The entrance to Salem Housing Authority, pictured in April. (Troy Brynelson/Salem Reporter)
Correction June 21: A previous version of this article misstated where Yaquina Hall is proposed to be built.
After months away from the Salem Housing Authority, administrator Andy Wilch will retire in September, the city of Salem announced Wednesday.
Wilch has led the housing authority since 2009, but has been on paid leave since February for an undisclosed medical issue.
It’s not clear why Wilch is ending his nearly 10-year-long career. The city of Salem has not specified, citing privacy concerns. Wilch could not be reached for comment.
Wilch’s last day is Sept. 30, according to a city press release.
“I am grateful to have spent the last 10 years with this organization, and deeply honored to have had the opportunity to make a direct impact on the lives of Salem residents,” Wilch said in a prepared statement Wednesday. “I am very proud of the talent, dedication and passion the entire Salem Housing Authority brings to this work, and what we have accomplished together during a decade of both successes and challenges.”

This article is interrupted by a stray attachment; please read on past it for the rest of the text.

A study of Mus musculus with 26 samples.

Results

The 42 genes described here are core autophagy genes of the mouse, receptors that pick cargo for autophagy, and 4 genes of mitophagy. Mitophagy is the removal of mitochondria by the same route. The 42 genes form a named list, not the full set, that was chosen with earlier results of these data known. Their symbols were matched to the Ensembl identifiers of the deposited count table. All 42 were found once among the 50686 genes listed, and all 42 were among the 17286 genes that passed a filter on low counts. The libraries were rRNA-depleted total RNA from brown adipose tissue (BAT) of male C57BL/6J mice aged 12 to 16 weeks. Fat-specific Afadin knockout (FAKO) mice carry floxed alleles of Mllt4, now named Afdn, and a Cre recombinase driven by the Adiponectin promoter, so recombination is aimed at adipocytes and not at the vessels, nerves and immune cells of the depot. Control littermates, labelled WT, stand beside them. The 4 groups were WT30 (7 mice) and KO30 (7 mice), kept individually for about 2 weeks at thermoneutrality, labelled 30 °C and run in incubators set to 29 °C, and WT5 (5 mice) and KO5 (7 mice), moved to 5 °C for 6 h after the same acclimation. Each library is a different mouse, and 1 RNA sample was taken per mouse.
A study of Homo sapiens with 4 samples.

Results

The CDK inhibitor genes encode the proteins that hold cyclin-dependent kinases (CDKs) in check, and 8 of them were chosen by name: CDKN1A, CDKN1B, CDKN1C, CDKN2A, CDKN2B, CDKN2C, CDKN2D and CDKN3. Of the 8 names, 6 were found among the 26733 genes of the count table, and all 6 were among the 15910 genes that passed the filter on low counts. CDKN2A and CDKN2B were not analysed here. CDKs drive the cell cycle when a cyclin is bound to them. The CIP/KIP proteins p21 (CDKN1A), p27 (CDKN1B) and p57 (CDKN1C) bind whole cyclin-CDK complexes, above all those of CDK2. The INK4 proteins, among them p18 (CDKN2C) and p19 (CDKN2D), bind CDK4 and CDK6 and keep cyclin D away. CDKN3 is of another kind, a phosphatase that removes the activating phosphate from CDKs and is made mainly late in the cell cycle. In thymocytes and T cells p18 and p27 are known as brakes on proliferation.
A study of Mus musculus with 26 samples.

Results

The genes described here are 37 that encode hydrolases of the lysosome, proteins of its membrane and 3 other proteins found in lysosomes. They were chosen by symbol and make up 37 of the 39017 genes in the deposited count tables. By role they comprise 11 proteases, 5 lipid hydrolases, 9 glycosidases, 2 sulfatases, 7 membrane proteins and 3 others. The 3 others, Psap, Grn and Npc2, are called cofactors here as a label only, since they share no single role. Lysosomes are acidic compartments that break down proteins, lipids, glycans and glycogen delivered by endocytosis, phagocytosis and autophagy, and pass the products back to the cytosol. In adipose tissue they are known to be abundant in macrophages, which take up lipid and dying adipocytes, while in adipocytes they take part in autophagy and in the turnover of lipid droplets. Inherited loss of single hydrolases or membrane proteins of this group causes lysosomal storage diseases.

The Salem Housing Authority is tasked with housing low- and moderate-income families, presiding over 3,400 residential units and housing about 8,000 people, according to its monthly report in May.
Under Wilch, the housing authority started the Homeless Rental Assistance Program, aiming to house the so-called “hardest to house” segment of homeless people.
Wilch’s tenure also saw the starts of two new housing projects that are expected to launch soon: Yaquina Hall, a 52-unit housing property at the Oregon State Hospital; and Redwood Crossing, a 35-unit complex with in-home social services and a community kitchen.
Since Wilch’s departure, Nicole Utz has acted as administrator and reported directly to Kristin Retherford, director of Salem’s Urban Development department.
City of Salem spokesman Kenny Larson could not say whether Utz’s role will change when Wilch officially steps down.
As administrator, Wilch earned $117,915 per year, or roughly $9,800 per month. By the time he retires he will have been on leave for seven months.
Have a tip? Contact reporter Troy Brynelson at 503-575-9930, [email protected] or @TroyWB.